John Ostrowski, a renowned Southeast Baltimore sausage maker who refused to sell his product to supermarkets for wider distribution, died of complications from Alzheimer's disease Wednesday at Somerford Place Assisted Living in Columbia. The Lutherville resident was 72.
"As soon as you step through the front door of 524 S. Washington St., it hits you: the spicy, smoky, garlicky and altogether unmistakable smell of tradition," said a 2005 Baltimore Sun article about Mr. Ostrowski and his family business, Ostrowski's Famous Polish Sausage.
For more than 90 years, he and his father and grandfather before him worked out of a light-colored brick rowhouse on a Fells Point street, where a Sun food writer said they practiced "carnivorous magic. Customers returned year after year for his kielbasa and other pork products."
"He thought of the 500 block of S. Washington St. as his block. The rest of us were just on it," said John Reusing, who purchased the sausage-making business late last year after Mr. Ostrowski told family members he was no longer up to the task of working. Mr. Reusing, who also owns the neighboring Bad Decisions bar, said the sausage-making business would continue.
Born in Baltimore, Mr. Ostrowski was raised above the family-owned business. He attended Holy Rosary School and was a graduate of Mount St. Joseph High School, where he played football. He also played football at Baltimore Junior College and was a member of a semi-professional football team in Scranton, Pa.
"He wanted to play professional football so bad," said his wife, the former Joan Gregory. "It wasn't until later in his life that he realized he wasn't as good as he thought he was."
In the mid-1960s, after giving up on a sports career, he returned to the family business and worked alongside his father, Victor, and mother, Jennie. Using his family's recipe, he ground, seasoned and hand-shaped the links.
He hung a banner across the shop's facade stating that his product was not sold at area supermarkets. It was not to be confused with other brands that used his family's name. "There is nothing like the real thing, Baby," the sign read.
"With his thumb and fingers applying just the right pressure, he guides the meat as it flows into the intestine," The 2005 Sun article said. "Not enough pressure and he'd lose control. Too much and he'd rip the casing."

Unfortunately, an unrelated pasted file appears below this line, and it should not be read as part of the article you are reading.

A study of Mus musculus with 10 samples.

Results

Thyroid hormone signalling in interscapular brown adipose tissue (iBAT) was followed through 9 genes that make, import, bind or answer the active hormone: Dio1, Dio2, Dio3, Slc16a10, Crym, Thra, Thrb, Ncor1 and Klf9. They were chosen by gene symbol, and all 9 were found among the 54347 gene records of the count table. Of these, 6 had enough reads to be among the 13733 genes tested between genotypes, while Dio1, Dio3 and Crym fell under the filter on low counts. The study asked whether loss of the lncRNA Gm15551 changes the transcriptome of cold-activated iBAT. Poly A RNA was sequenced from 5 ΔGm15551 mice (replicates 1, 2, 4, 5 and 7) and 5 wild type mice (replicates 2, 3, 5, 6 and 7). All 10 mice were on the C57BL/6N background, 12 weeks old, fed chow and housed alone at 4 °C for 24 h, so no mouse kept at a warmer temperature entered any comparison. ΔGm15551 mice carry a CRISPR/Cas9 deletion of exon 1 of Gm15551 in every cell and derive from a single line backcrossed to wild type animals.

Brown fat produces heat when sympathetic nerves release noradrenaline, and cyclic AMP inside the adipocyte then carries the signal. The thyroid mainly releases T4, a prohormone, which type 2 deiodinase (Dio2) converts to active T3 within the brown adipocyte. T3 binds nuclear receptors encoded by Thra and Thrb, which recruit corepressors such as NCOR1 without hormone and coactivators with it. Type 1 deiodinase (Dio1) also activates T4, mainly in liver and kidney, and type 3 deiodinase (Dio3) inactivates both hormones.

The story described the sausage maker as having a shaved "Mr. Clean head and thick, muscular forearms." The story also described his years around sharp knives and "unforgiving" grinders. He lost a fingertip on one occasion and had a scar along his palm.
Mr. Ostrowski was famous for his kielbasa, a traditional garlic sausage.
"The mixer's paddles turn and churn, the pungent aroma of the now-tussled [garlic] cloves permeates the room as quickly as their assertive flavor settles into the marbled meat," the article said.
Family members said the Ostrowski shop was at its busiest at Easter.
"The line begins forming at Ostrowski's Polish Home Made Sausage in Fells Point before the doors are unlocked at 8:30 a.m.," said a 2001 Sun article. "In the days before Easter, the normally orderly Washington Street can be cluttered like a closet — cars double-parked, others jockeying for parking, people milling on the sidewalk."
The article said that many customers would later place the kielbasa, bread, and butter shaped like a lamb in a basket and then take it to churches such as Holy Rosary in Fells Point, where a priest would bless it. The sausage was a staple of breaking the Lenten and Holy Week fast.
"After Mass, you can eat meat," Mr. Ostrowski said in the 2001 article. "It's time to start eating again!"
He told a Sun reporter that he sold 20,000 pounds of sausage, smoked and fresh, by the time he closed his doors on Holy Saturday.
"Polish people used to be concentrated in this area," he said. "Now the kids have grown up, moved out of the city, had kids of their own. A lot of them are retrieving their traditions and are trying to get their kids into it."
His wife said that Mr. Ostrowski kept the business open despite not being able to work there because of his health.
"His customers loved him and he liked nothing better than laughing with them," his wife said. "But as his health changed, he said to me one day about work, 'Do I have to go?'"
A Mass of Christian burial will be offered at 10 a.m. April 25 at Holy Rosary Roman Catholic Church, 400 S. Chester St.
In addition to his wife of 46 years, survivors include a daughter, Jennifer O. Whetzel of Mission, Kan.; two sisters, Carolyn Devlin of Fort Lauderdale, Fla., and Alfreda Degheri of Clearwater, Fla; and a step-grandson. A son, Christopher J. Ostrowski, died in 1995.